By Deepa Bhate
Even amid stagflation and poor labor participation rates nationally, the Biden administration continues to push dangerous legislation and policies that would devastate Alabama’s commercial construction industry and put hundreds of thousands of jobs across our state at risk.
The Protecting the Right to Organize Act is one of those. The PRO Act would cause sweeping economic consequences across the United States by repealing right-to-work laws in 27 states, including Alabama. Workers in our state would no longer have the choice of whether or not to join unions and could be forced to pay union dues as a condition of employment.
Keep in mind that more than 95.1% of Alabama’s construction workers today freely choose not to belong to a union.
Overall, the PRO Act, if passed, would also undo decades of established labor union law, upset the balance of rights between labor unions and businesses, force independent worker reclassification and impose a broad and costly joint-employer standard.
The independent worker reclassification and joint-employer standard components would have differential impacts across the states. In Alabama alone, estimates project that 301,335 independent workers would be adversely impacted, and 139,149 franchisee employees would also be affected.
Another major aspect of the PRO Act is that the legislation would mandate quickie elections, which would allow unions to hold a workplace representation vote as soon as organizers receive the requisite number of signatures from employees. This gives employers almost no opportunity to engage in any kind of fair campaign to educate workers about the reasons why they might not want to join a union. For example, workers often object to mandatory dues being taken out their paychecks and the inability to earn more and advance within a company based on merit-based performance.
Additionally, the legislation would not only force employers to divulge private information to union bosses about their employees but also deny workers the right to a secret ballot.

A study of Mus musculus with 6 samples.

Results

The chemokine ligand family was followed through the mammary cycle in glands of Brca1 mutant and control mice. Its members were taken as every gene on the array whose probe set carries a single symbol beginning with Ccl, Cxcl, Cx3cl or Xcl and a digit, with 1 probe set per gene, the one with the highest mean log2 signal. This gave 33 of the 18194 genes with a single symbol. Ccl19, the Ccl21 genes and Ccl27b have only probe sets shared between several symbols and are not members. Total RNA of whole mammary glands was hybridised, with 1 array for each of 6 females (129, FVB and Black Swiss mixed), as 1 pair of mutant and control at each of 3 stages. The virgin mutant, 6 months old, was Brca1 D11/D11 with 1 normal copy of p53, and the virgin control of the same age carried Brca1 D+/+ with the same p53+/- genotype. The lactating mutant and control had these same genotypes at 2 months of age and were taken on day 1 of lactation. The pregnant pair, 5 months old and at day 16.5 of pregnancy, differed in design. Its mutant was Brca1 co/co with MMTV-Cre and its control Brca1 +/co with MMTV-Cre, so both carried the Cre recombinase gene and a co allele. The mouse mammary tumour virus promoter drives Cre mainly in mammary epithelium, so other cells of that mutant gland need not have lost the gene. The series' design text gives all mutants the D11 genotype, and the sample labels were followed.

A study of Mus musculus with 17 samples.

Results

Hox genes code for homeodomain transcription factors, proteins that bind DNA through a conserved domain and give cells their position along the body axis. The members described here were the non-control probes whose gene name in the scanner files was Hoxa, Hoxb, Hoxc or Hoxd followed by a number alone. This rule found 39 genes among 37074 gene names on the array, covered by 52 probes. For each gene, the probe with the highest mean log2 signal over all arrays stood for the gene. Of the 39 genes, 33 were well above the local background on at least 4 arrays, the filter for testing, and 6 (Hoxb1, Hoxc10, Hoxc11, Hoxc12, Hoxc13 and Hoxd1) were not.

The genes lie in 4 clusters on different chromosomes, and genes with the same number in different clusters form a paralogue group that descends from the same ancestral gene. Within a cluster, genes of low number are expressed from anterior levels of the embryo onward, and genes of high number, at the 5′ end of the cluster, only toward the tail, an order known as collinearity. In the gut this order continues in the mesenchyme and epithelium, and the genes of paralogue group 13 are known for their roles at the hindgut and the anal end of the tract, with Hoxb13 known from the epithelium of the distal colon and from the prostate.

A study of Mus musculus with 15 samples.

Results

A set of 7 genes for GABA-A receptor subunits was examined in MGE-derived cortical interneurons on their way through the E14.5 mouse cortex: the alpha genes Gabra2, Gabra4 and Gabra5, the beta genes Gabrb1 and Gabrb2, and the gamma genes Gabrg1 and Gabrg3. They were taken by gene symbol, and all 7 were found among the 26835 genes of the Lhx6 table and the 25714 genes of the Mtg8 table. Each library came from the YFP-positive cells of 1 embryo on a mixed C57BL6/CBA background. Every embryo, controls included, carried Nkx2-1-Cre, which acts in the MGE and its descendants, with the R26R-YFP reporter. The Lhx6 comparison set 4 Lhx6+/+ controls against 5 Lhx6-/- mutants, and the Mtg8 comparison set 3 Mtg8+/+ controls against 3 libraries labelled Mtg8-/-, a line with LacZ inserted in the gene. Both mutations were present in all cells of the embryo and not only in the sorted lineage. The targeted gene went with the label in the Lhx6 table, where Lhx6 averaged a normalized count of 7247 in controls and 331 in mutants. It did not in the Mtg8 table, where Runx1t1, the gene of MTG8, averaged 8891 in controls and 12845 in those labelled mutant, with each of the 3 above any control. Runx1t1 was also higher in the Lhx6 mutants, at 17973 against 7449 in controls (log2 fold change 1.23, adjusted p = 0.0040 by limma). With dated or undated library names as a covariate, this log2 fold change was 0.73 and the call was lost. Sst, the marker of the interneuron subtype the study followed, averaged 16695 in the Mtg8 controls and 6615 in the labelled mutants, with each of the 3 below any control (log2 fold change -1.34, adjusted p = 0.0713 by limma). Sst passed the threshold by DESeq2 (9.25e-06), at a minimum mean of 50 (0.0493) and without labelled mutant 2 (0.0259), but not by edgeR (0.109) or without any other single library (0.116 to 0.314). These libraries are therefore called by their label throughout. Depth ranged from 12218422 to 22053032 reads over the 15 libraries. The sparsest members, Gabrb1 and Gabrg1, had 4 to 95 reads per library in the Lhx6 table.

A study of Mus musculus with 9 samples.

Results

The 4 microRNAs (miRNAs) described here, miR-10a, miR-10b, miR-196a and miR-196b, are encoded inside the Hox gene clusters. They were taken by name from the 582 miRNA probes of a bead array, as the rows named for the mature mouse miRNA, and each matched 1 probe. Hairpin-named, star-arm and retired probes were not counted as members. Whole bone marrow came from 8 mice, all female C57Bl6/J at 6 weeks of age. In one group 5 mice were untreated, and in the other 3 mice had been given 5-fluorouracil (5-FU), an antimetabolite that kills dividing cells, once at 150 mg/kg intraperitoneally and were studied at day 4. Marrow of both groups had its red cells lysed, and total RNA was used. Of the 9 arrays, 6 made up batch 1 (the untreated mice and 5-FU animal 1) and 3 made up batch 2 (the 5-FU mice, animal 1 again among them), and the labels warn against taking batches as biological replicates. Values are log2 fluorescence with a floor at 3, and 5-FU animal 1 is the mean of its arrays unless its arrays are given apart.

Associated Builders and Contractors of Alabama and our national organization are fighting tooth and nail to make sure this regressive legislation does not reach the floor of the U.S. Senate following its passage in the House. The commercial construction industry in Alabama prides itself on advancing opportunity for all, and the PRO Act would eviscerate that mission.
With strong pro-jobs, pro-opportunity leaders like Sens. Richard Shelby and Tommy Tuberville and future Sen. Katie Britt, Alabama is well-positioned to be at the forefront of stopping the PRO Act’s wide-ranging ramifications from ever becoming reality. ABC of Alabama will continue to fight for a 21st century commercial construction industry that strengthens Alabama communities, grows good-paying jobs and elevates modern opportunity in every corner of our state.
Together, we will build a strong future for generations of Alabamians to come.
Deepa Bhate, the CEO of Birmingham-based Building & Earth Sciences, currently serves as chair of Associated Builders and Contractors of Alabama. The views and opinions expressed here are those of the author and do not necessarily reflect the policy or position of 1819 News. To comment, please send an email with your name and contact information to Commentary@1819News.com.